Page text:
MIT app trials smartphone monitoring of hospital patients
Call it a startup made good. Ginger.io, a health monitoring app created by the Massachusetts Institute of Technology, now has a clinical pilot underway to test its theory that smartphone use patterns can predict disease downturns.
A graduate of the TechStars mHealth incubator program, Ginger.io snagged $1.7 million in financing last fall to develop its product, which it now is testing with Cincinnati Children's Hospital Medical Center. The pilot project tests the technology on teens and young adults with inflammatory bowel disease (IBD), according to a report in Businessweek. Because the steroids that control the chronic condition can be harmful if taken for too long, clinicians hope to use the Ginger.io app to determine exactly when a patient's IBD symptoms subside, so they can discontinue the medications, the report says.
For example, the app might note when a patient becomes more mobile or leaves the house for the first time after an inflammatory episode begins. Researchers started with a handful of participants last fall, but are closing in on the 50 total they want for the full test, Michael Seid, lead researcher on the pilot, tells Businessweek. The app is "an effortless way to get a much finer-grained continuous measure of health status," he says.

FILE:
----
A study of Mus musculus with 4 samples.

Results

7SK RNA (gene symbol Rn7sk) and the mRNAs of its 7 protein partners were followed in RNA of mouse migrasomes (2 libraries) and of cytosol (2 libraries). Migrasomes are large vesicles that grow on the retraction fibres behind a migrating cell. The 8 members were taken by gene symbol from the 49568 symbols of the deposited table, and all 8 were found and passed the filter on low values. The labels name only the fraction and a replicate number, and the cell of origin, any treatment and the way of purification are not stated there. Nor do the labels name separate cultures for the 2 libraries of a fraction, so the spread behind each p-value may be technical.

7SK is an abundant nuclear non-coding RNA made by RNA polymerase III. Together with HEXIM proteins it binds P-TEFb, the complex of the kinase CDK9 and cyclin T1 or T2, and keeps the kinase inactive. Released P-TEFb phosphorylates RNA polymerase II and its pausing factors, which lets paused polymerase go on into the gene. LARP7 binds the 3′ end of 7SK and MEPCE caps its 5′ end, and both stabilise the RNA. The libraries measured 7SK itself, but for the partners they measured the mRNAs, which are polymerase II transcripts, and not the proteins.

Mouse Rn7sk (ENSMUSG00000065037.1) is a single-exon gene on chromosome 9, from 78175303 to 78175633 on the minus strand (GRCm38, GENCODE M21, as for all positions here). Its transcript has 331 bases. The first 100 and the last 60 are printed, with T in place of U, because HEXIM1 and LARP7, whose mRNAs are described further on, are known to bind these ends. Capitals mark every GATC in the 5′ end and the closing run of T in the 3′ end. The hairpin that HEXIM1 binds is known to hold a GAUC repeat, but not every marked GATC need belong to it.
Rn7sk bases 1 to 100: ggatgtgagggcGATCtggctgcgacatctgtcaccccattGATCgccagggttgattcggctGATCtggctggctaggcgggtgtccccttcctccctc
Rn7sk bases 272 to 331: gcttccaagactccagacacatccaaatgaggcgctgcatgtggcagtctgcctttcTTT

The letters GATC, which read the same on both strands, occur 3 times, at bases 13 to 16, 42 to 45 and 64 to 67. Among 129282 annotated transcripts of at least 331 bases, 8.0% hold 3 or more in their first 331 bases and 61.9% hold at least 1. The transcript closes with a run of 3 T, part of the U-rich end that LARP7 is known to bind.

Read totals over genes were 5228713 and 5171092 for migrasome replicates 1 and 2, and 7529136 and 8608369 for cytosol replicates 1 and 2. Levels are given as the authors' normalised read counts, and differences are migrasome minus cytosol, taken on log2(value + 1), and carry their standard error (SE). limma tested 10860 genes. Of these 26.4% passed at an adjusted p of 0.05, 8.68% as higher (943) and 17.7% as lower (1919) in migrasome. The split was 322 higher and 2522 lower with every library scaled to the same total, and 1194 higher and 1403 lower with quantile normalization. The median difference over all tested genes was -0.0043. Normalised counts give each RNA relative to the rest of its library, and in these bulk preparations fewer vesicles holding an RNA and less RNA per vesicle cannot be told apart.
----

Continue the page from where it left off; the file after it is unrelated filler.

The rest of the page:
Ginger.io's algorithms are built on a concept known as "machine learning," which sorts through smartphone calling, texting, messaging and other data to create a picture of the users' normal patterns. If the user's patterns change, such as a patient making no calls or texts for several days, the app first contacts the patient with a message asking about how he or she is feeling. If the anomaly is significant, however, the app can alert physicians or others in the user's support network. Creator Karan Singh describes it to Businessweek as a kind of human "check engine" light.
The app's developers also are working on a diabetes-specific module to see if they can detect depression among diabetic patients, which often causes patients to go off their medication. The prototype smartphone app will alert physicians when users start to withdraw or isolate themselves.
"People don't self-report that isolation," Singh tells Businessweek. "They don't necessarily say, 'Yes, I'm talking to less people this week,' or they don't necessarily realize that they've actually started to close themselves off."
Singh indicates the company may also be looking for ways to connect to biometric sensors that plug into smartphones as well, tracking more traditional remote patient monitoring data and adding to their algorithms to improve their predictive ability.
Other startups are testing the "passive monitoring" concept, too, to identify relapse triggers among drug addicts, and mobility problems among the elderly, Businessweek reports.